Founder of @letterstodeardiary, Madi, shares her experience of taking time away from her passion project, writing and creating content for twenty-somethings, and why you should take time for yourself, too, in a world plagued by hustle culture and burnout.
I am not sure how to start this post. Three months away from the thing that gave me a sense of purpose during one of the strangest, most difficult times as a post-grad in 2020 was not an easy decision. So I will start as I would with any of my friends that I haven't spoken to in a while and say that I missed you! I am so happy to be back. I want to start this off by promising DD is not going anywhere. Is it evolving? Of course, but so am I. Since March, I have moved, as I documented in my last blog post. If you have done anything big or small to change your life recently, I commend you. I am so proud of you. Change is hard. I've never been good at it, and I think I underestimated how different my life would become after moving.
I am still figuring out my new normal in my college city that I am now living in as a post-grad. But after a few months, it is truly the best decision I have made for myself since graduating, but of course, I am still figuring it out. To put it bluntly, this hiatus resulted from me being f*cking exhausted. I hate having to admit it, but I have been burnt out. Between work, moving, and all of life's ups and downs in between, the last thing I have been able to prioritize was my passions. Which is sad, right? We live in a world where to survive, sometimes you must push what you love to the side. But, that is what being burnt out will do to a person. It will also convince you that taking time away from your passions or side hustles is selfish and makes you move backwards. That is just not the case, but inherently a result of the pressure of hustle culture and the 24/7 nature of social media. So, if you have or have felt the way I just described, here is what I recommend: give yourself a break, and here is how I did it.
Cutting Out the Excess
When you are feeling burnt out, you have to start healing by cutting out the excess in your life. I have been saying 'no' a lot more recently. Yeah, it started out of necessity when trying to juggle unpacking, setting up a house, and balancing work, but now I find myself saying 'no' for myself. If you are a people pleaser like me, saying 'yes' may seem easier in the moment and for your own anxiety, but it's good to ask if saying 'yes' serves you. Sometimes the answer is 'no,' and that's when it's okay to say 'no' to plans, extra projects, or anything else in between.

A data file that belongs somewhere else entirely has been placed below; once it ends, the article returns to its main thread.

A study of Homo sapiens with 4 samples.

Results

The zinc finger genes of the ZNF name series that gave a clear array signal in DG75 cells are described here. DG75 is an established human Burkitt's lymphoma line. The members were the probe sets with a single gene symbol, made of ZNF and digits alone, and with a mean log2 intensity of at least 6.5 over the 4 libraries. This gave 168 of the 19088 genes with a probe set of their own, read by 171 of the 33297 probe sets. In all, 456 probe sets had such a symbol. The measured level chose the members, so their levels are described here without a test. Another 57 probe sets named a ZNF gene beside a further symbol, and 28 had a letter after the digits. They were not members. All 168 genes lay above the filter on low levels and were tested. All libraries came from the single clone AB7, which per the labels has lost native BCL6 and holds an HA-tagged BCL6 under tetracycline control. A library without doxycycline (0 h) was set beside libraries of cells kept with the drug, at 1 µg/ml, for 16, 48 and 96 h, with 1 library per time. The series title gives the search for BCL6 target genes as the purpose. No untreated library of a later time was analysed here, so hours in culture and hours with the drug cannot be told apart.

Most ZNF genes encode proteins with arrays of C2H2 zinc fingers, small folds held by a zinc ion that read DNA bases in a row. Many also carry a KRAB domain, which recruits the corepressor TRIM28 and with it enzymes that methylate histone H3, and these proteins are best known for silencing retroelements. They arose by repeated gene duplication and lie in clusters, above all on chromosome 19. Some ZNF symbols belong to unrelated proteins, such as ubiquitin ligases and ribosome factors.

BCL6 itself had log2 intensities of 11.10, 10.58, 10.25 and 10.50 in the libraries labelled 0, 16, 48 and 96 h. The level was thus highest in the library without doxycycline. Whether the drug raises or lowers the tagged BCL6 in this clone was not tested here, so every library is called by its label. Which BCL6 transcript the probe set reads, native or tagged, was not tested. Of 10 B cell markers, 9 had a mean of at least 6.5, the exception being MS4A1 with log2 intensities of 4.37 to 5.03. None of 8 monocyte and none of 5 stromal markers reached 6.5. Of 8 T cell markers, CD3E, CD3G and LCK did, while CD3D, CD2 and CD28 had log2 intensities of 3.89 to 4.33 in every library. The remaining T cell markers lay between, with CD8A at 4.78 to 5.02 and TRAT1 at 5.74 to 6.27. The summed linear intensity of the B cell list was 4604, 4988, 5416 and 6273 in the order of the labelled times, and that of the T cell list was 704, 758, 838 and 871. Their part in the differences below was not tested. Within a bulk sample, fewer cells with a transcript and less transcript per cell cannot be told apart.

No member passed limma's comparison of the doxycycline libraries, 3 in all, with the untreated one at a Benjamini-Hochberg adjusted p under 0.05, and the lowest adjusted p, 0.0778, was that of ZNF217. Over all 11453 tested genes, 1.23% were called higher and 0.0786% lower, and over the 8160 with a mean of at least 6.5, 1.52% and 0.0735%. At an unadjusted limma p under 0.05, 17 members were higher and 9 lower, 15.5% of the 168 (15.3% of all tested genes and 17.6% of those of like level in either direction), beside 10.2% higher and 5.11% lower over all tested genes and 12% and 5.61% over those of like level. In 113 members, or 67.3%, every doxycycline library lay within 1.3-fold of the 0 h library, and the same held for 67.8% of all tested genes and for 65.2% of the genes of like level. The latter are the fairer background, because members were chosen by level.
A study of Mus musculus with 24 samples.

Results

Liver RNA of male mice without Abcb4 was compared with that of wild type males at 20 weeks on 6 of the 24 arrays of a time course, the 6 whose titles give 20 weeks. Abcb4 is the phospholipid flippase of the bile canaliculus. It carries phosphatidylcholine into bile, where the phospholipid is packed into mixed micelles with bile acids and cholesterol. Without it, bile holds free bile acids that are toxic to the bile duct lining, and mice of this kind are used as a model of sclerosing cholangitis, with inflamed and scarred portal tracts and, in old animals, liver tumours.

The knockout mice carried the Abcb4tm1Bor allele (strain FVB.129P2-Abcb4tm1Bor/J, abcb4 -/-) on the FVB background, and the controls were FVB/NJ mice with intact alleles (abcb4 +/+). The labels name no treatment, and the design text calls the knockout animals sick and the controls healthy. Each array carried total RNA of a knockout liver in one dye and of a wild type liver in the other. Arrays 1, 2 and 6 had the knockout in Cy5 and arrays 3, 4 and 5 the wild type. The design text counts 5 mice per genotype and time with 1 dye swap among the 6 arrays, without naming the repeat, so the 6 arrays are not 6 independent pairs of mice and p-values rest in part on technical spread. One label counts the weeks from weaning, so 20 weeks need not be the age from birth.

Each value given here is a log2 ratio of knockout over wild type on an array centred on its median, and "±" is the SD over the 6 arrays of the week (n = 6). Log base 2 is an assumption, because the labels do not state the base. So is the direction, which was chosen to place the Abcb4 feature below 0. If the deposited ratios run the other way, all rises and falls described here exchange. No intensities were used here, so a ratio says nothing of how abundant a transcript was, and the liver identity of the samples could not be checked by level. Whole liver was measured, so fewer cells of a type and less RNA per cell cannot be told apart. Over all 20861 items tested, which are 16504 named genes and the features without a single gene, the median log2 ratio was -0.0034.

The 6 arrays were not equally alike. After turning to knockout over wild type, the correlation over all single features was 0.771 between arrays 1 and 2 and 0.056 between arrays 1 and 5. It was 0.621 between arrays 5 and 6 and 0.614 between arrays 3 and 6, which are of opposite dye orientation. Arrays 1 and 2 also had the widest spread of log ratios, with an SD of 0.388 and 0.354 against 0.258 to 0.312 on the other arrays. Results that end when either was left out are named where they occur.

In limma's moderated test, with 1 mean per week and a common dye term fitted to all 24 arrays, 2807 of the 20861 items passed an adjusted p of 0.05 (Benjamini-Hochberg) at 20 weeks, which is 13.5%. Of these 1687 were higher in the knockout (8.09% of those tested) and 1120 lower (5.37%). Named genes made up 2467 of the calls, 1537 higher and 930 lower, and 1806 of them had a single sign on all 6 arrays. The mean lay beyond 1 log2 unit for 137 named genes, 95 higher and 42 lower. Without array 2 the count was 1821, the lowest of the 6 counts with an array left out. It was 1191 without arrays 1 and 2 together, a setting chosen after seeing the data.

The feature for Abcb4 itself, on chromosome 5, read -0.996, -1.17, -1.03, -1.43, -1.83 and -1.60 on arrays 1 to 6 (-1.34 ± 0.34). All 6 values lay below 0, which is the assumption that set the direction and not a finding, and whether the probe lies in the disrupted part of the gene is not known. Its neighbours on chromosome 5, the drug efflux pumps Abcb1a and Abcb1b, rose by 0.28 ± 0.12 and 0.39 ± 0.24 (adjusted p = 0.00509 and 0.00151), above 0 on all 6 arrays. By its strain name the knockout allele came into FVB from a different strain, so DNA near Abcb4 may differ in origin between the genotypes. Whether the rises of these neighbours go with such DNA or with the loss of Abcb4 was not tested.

Learn that Doing 'Nothing' is Self Care
In our culture, taking a day to simply do nothing, or maybe just take care of yourself, can be considered lazy or selfish. Maybe it is because of social media? (It definitely is). These thoughts are still intrusive ones that I experience when I take a day to rest or for my mental health, but I am working on reminding myself daily that self-care isn't always productive. Sometimes it's taking a shower, ordering a comfort meal, and watching your favorite movie. Setting time aside for you and only you is actually one of the most productive things you can do.
Reality Check: Social Media Edition
This is advice that I still need to remind myself but take social media reality checks. What does that mean? Take a pulse of how social media makes you feel and what is "real." I understand that social media is a contrived and filtered reality, but when you spend hours a day on your phone and timelines, sometimes we can forget it. For example, you might be home working while someone you follow is off traveling, and you may wonder, why can't that be me? But, you must remember you may be on vacation next time they have to work! Social media is a highlight reel, and you have to keep that in perspective. I have been taking reality checks when I can feel myself comparing myself or life to others and creating content that reflects this.
Routines Suck, But They Work.
My most unpopular advice in this post is that you have to get back into a routine, especially if you start feeling burnt out. This doesn't just mean setting goals but also setting limits. For example, for me establishing a routine includes working out in the morning a certain amount each week, but in turn, it also means going to bed early and maybe saying no to a fun plan to make that a reality. Obviously, you can't follow a routine perfectly, but I mean that you will feel better when you start creating goals and plans for yourself and your week and stick to them. (I know this is the least fun advice.)
Don't Push Others Away
When you feel exhausted or burnt out, it might seem easy to push your friends and family away and to be alone, but in my experience, that will only make your feelings of being sad worse. Even if it is difficult, connecting with the people who love and care about you is the most important part of coming back from a difficult time, especially when you feel like you are struggling the most. Whether it be burning out, depression from a breakup, or maybe even anxiety from work, lean on the people in your life rather than pushing them away. I promise it will help.
I used to think that you have to work yourself into the ground to be successful, but that just isn't true; it's actually the opposite, especially when your mental health starts to sh*t out. Hustle culture is dying, and we are learning this slowly but surely, but it is still ingrained in many of us, including myself. You don't have to have a breakdown to have a breakthrough. Balance before burnout is the key to any success. Not working yourself until you have nothing left to give.
I hope you all got something from reading what I have learned from my time away, whether it be confirmation for rest or new tactics. As two years of this blog is approaching, I continue to change and grow, and I hope to continue reflecting that in my work.